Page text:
As an entrepreneur--and the founder of a company that supports and encourages entrepreneurs--it's frustrating to see media reports of inventors and entrepreneurs who've become millionaires "overnight." While there are certainly cases of those who've achieved that level of success very quickly, it's far from the reality for most entrepreneurs. And that can breed misleading and potentially damaging expectations among many people who are considering going into business.

I'll give an example. Last month, I received a phone call from a woman who'd been developing a new product. Although she was in the early stages--she was far from having final packaged goods--she explained to me that she had to move fast to get her products sold because she needed the money to pay her mortgage next month. I explained to her that if she needed money that quickly, this was not the solution. Even if she licensed her product, which is what she hoped to do, the development process takes years before significant revenue starts coming in.

The fact is that it takes a lot of time, and a lot of patience, to bring a product to market. And media stories--those that count on sound bites and telling the short version of an entrepreneur's story--often gloss over the actual time, effort, setbacks and reality of the process. They just don't have the air time to get into the nitty-gritty of the entrepreneur's experience, and that can make the whole process appear much easier than it actually is.

This isn't meant to discourage you. On the contrary, I'd like to provide a better picture of what's real so you know what to expect and how you can plan your business realistically and successfully. In other words, it may not be wise to quit your day job just yet, or to empty your bank account of every last penny, because you probably won't make the money back soon enough to compensate. That's because bringing a product to market and becoming an entrepreneur isn't a short-term solution. It can, however, be an amazing way to build long-term wealth, as well as provide other rewards like creativity and flexibility. If you go into it with your eyes open, the better your eventual chances to make those millions you're dreaming about.

How Long is Long?
While there are exceptions to every rule, I want to provide a framework to keep in mind. If your product is in demand and you do all the right things, it will still take the average entrepreneur a few years to gain distribution on a large scale. So why does the process take so long?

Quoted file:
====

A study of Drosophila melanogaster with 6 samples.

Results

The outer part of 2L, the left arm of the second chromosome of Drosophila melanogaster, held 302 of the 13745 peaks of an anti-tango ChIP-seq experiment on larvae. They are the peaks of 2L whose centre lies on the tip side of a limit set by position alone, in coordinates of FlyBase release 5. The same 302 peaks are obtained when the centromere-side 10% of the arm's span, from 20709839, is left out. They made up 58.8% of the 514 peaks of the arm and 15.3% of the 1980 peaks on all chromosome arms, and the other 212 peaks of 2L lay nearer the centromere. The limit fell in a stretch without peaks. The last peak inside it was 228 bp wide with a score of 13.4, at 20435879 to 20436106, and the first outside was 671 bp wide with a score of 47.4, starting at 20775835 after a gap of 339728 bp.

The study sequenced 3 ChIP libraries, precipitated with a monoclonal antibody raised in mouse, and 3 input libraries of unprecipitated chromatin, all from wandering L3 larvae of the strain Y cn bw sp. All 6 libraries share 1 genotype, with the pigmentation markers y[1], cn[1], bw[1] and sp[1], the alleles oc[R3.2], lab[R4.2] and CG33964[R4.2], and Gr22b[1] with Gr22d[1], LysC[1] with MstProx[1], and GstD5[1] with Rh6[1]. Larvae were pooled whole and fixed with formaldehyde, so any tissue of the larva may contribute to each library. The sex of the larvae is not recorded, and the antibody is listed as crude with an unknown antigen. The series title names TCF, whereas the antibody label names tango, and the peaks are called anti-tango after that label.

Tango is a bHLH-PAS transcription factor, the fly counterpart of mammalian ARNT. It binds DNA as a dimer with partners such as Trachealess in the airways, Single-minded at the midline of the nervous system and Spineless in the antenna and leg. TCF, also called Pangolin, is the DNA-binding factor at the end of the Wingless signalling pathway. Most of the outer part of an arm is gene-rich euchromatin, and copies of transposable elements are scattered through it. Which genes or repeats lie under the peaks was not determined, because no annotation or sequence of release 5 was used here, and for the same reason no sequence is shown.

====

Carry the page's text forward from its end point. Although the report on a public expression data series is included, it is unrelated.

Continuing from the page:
There are many steps to bringing a product to market, and these steps take time. First, you must create a prototype, perform market testing, hone your product, and get it manufactured and packaged.
Even if you do this in record time, there is still a long road ahead, and one you can't control quite so easily: sales. You will inevitably find that the hardest part about inventing isn't creating the product--it's selling your product to retailers.

To illustrate this, two years ago, a buyer from a major national chain accepted one of our products on a test basis. We were thrilled! What we didn't realize was the time it would take to conduct that test--one and a half years.

Fortunately, the test marketing went extremely well and the chain decided to pick up our product at its stores across the country. But even from that point, it took an additional 12 months or so to get into the distribution channel and hit store shelves on a large scale.

It's also important to note that there are steps we took well before that point to grow the market for our product--we needed a proven sales record before even considering approaching a national chain. As a rule, large retailers are in the business of minimizing their own risk, so they take on proven products. This is why the sales cycle can take such a long time for new products and small businesses.

What About Licensing?
So what if you license your idea to another manufacturer--one with experience and contacts in the retail world? Shouldn't that minimize the time it takes to start generating revenues?
Perhaps, but not necessarily. There are still many steps ahead if you choose to take the licensing route.

First, you must take the time to prepare the product, file appropriate intellectual property, prototype or graphic representation of your invention--then create a product sell sheet. If you've never done any of these things before, the learning curve can also lengthen the process.

Next, you must take the time to identify appropriate prospective licensors. You don't want to waste your time, energy and money, say, pitching a baby product to a household-products company, or a textile product to a company that specializes in electronics. So, developing an accurate and appropriate target list--with the proper contacts within each organization--is key. This will take time and research.

Once you've got your list of target companies to approach, it will take time to find an interested party and negotiate a deal. Again, there are exceptions; however, it can take up to a year or longer and there is still no guarantee. Then, just when you think you're home free, you realize the licensor will take a year or more to develop and manufacture the product, get appropriate safety tests, get a proper distributor, and get it on store shelves. That means the whole licensing process can take from two to five years.

No matter which route you take, know that it does get easier--and faster--with each subsequent product you introduce to the marketplace. That's because you've already created relationships with manufacturers, potential licensors and other vendors who make things happen.

With all that time ahead of you, you'd better get moving today.